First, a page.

A bottle of English wine or bubbly, makes a nice change from the normal imported wines on supermarket shelves. There’s nothing wrong with trying out a few wines from further shores. But most wines in supermarkets are not vegan-friendly (they filter using bone char or fish bladder – or sometimes contain milk or gelatine), and most supermarkets don’t even clearly label them, so you could be label-reading for a long time.
Choose local wines made with (ideally) organic grapes (less sulphites means less of a hangover). And try to find bottles that use real corks. No trees are chopped down to make cork, and it prevents more plastic in the form of plastic wine corks. Although cork is natural, it’s not biodegradable as the fibres are packed too tight. Corks are also choking hazards. When you have enough, send them off to Recorked for recycling. You can recycle blue glass bottles at green recycling banks. Most councils now accept plastic tops (if used) in the same bags as plastic bottles (they just float to the top in the water bath, made into different things).
- Renegade & Longton (East Sussex) produce sparkling wines on the coast at Hastings, using elderflowers, rather than grapes. There are two in the range (one dry and fruity and the other a blush with rhubarbs, strawberries and blackberries – a good dessert wine).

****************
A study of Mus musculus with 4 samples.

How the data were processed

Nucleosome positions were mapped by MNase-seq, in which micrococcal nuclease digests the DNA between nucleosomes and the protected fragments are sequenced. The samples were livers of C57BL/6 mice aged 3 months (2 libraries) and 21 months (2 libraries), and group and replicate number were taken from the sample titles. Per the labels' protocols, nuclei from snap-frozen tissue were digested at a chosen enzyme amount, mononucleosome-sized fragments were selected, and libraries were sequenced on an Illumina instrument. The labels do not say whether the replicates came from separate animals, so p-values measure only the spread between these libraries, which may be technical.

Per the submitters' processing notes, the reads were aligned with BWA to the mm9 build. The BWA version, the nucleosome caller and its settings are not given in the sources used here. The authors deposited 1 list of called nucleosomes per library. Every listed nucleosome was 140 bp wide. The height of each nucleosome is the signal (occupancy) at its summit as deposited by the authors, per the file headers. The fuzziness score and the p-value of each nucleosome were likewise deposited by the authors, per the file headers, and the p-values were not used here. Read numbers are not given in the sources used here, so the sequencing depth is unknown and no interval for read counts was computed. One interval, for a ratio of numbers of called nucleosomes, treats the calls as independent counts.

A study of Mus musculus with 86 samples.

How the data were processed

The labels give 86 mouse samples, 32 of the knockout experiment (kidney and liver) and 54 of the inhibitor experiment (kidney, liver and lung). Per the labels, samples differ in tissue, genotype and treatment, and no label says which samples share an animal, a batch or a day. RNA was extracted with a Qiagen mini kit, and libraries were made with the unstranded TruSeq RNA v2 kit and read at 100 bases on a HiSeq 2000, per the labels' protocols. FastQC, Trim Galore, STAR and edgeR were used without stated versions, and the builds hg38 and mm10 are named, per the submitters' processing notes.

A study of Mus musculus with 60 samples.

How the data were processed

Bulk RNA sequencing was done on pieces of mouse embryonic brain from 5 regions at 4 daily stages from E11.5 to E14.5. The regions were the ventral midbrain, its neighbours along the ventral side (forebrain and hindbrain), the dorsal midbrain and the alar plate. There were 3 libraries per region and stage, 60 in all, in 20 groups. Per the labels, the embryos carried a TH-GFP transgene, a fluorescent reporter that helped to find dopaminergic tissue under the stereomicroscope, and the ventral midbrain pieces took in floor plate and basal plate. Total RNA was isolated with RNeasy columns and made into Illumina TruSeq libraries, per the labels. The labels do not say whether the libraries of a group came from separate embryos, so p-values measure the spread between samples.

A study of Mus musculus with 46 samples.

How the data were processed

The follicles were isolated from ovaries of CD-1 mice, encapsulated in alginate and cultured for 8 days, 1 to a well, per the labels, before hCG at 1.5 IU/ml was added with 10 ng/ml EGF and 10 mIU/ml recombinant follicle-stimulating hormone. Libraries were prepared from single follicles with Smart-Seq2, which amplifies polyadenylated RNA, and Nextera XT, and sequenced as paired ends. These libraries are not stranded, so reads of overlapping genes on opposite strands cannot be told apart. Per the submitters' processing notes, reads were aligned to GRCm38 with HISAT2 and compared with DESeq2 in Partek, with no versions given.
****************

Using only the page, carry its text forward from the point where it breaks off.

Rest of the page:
- Wild Thing Organic Prosecco is lightly sparkling with gentle bubbles, with soft apple and pear aromas and a citrus fruit palate. The bottle can be re-sealed and the wine has been developed with Born Free Foundation, so a donation from each bottle sold goes to help animal welfare conservation projects worldwide. The Goodness Project have many sparkling wine gifts at their online shop (use a letterbox guard near pets, if ordering with chocolate).
- Breaky Bottom offers quality sparkling wine from the foot of the Sussex Downs. Created by a wine maker with French/Italian heritage, there are only limited amounts of bottles, so get in quick for these cool-climate wines.
- Sea Change Wines (Scotland) donates a portion from each sale to wine conservation charities. However Provence Rosé is not vegan-friendly, nor are pre-2019 wines). The following are fine: Prosecco Pack (also as single bottles), Whale Merlot, Whale Sauvignon Blanc and Whale Whale Rosé. Their also use a wine bottle made from 94% recycled paper (the food-grade lining is plastic, but it’s a better alternative).
- Read Wild Wine Making to make a selection of easy-to-create fruit and other wines. Recipes include Blackberry Rhubarb, Blueberry Pear, Damson Plum, Cherry Rhubarb, Golden Raspberry, Spiced Peach, Dandelion, Elderflower, Lilac Flower, Rose Petal, Rosehip, Rosemary and Apple or Plum Champagne.